WARRENTON, Ga. - The civil rights legacy of the late Dr. Martin Luther King, Jr., was remembered in a special ceremony by more than 250 people who packed the Warren County Courtroom on Monday.
Prior to the tribute to Dr. King, about 100 people participated in a foot-walk from the county government services building to the county courthouse. The march was led by Thomson resident, the Rev. Nathaniel Jones, Sr., pastor of Walkers Chapel CME Church in Norwood. The group sang songs as they made their way through downtown, including one of the oldest civil rights songs, We Shall Overcome.
The celebration came just a day before the inauguration of Barack Obama, as the first black man to become elected to serve as president of the United States. Mr. Obama, who had been known as President-elect, is now officially President Obama.
"From dreams to reality," remarked the Rev. G. L. Avery, chairman of the Martin Luther King Committee and pastor of Union Spring Baptist Church, who served as master of ceremony. "We're on our way now."
Warrenton Mayor Tony Mimbs told the crowd that as proud as he is to tell people that he is from Warrenton, that sometimes there are differences among the people that live there.
He noted, though, that he is proud to say, "We have much more to unite us than we have to divide us."
Warren County Commission Chairman John Graham said he is pleased that so many people are working together to move Warren County forward. As an example, he pointed to the cooperation between the Warren County Board of Commissioners, the Warren County Board of Education and Warrenton City Council.
"We need to forget about who's going to get the glory and pat on the back," Mr. Graham said. "We've just all got to dig in to help make Warren County all it can be."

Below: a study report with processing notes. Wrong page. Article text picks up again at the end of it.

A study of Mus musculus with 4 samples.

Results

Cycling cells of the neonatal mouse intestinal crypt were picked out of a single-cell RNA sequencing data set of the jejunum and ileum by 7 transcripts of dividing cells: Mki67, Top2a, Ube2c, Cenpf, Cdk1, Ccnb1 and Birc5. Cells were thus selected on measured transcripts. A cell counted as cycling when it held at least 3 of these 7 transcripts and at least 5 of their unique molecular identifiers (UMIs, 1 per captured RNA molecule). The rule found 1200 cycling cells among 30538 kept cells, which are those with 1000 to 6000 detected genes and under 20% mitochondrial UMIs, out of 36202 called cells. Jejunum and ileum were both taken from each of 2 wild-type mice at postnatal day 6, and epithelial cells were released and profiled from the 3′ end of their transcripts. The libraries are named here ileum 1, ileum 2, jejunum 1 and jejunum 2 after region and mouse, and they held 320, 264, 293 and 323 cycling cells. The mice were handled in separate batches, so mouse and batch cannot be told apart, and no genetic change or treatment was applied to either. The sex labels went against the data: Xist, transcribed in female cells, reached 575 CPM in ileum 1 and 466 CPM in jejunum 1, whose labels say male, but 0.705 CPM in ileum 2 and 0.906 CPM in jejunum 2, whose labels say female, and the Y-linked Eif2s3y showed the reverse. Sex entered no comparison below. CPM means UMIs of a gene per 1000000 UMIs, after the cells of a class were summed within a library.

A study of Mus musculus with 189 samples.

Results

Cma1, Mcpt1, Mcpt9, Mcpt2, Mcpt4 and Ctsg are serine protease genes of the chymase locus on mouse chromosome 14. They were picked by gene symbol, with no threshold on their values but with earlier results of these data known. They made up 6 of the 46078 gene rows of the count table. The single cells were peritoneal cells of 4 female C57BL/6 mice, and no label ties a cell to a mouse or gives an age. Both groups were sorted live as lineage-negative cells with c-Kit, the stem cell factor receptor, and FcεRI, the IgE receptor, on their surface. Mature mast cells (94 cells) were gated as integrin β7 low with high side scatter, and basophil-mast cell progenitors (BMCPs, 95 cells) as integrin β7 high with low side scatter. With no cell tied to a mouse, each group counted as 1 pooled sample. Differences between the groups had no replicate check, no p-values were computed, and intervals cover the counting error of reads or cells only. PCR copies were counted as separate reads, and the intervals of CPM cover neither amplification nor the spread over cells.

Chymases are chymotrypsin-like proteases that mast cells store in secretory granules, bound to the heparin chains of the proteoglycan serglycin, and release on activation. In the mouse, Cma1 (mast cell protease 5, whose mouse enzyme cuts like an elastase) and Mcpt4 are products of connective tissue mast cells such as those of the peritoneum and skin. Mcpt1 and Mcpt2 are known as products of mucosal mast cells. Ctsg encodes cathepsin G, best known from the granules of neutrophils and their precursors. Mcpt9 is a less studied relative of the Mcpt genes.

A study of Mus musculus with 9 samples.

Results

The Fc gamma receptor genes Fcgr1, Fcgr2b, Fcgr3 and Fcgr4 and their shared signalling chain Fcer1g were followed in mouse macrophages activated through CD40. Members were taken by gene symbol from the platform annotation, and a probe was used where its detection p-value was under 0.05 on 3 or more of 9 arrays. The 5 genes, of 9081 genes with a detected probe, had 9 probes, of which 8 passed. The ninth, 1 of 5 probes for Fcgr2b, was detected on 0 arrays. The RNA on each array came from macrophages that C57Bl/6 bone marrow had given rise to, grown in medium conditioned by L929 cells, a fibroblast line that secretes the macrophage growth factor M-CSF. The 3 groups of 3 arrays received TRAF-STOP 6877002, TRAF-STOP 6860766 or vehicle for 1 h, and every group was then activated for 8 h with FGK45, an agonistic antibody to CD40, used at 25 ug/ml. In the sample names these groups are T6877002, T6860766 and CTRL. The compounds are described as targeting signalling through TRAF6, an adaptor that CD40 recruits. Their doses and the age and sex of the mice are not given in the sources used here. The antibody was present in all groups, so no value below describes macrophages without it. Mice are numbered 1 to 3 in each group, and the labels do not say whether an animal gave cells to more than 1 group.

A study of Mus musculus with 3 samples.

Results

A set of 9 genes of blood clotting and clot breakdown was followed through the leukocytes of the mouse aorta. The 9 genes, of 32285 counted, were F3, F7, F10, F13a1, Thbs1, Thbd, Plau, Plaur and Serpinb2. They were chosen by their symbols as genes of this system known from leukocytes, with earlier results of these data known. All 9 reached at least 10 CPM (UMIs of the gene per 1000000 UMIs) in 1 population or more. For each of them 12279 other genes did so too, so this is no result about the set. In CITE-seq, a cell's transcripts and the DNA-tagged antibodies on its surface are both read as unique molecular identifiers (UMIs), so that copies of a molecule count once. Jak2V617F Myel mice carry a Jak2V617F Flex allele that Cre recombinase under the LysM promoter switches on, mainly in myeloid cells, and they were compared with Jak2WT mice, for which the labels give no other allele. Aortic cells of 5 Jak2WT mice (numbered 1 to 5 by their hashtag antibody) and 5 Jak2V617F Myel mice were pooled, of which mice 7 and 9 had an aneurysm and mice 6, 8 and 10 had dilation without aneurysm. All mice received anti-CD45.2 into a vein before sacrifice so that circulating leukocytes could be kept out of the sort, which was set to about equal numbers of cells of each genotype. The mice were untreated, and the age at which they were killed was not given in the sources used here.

Dr. King was devoted to the teachings of God and service to mankind - having become the youngest man ever to receive a Nobel Peace Prize.
Gwendolyn Tucker, chairwoman of the Warren County Board of Education, pointed out that Dr. King was a non-violent person and always advocated peaceful marches during the civil rights era.
Ms. Tucker said Dr. King strongly believed in peace, love and harmony.
The Rev. Charles Belton said anyone could and can be great like Dr. King, who first was a preacher of the word of Jesus Christ. Dr. King was pastor of Ebenezer Baptist Church in Atlanta.
Another preacher, the Rev. Larry Carter, pastor of New Hope Powellton Baptist Church, served as guest speaker for the tribute paid to Dr. King, titled, "From Dream to Reality: A Legacy of Hope."
Although Rev. Carter addressed some of the things that Dr. King stood for and believed in, he placed emphasis on the importance of everyone getting to know Jesus Christ.
He outlined his address with three words: Peace, Freedom and Change.
"Dr. King was a peaceful man and he wanted his people to be peaceful - a people of peace," Rev. Carter said. "If you're going to have peace and calm, you must have Jesus Christ in your life. He provides that inward peace. It stays there, no matter what you might be weathering in your life."
In addition, Dr. King also stood for freedom. Rev. Carter quoted scripture, saying, "You shall know the truth and the truth shall set you free."
He stressed the importance of black folk not being enslaved any longer - that today, they are free men and women. But, he explained, there are blacks and whites who still find themselves in slavery today.
"They are slaves to sin," Rev. Carter said.
The third word referred to by the guest speaker was change.
One such change in American history already has occurred with President Obama becoming the first black man elected to the country's highest office.
"Another change is when Jesus Christ comes into your life," Rev. Carter said. "He can change your heart and life and put love into your heart."
During the special tribute to Dr. King, members of the Martin Luther King Ensemble, led by Director Brandon Lynn, sang a number of songs. A reception later was held at the government services building in Warrenton, which drew a number of those same people.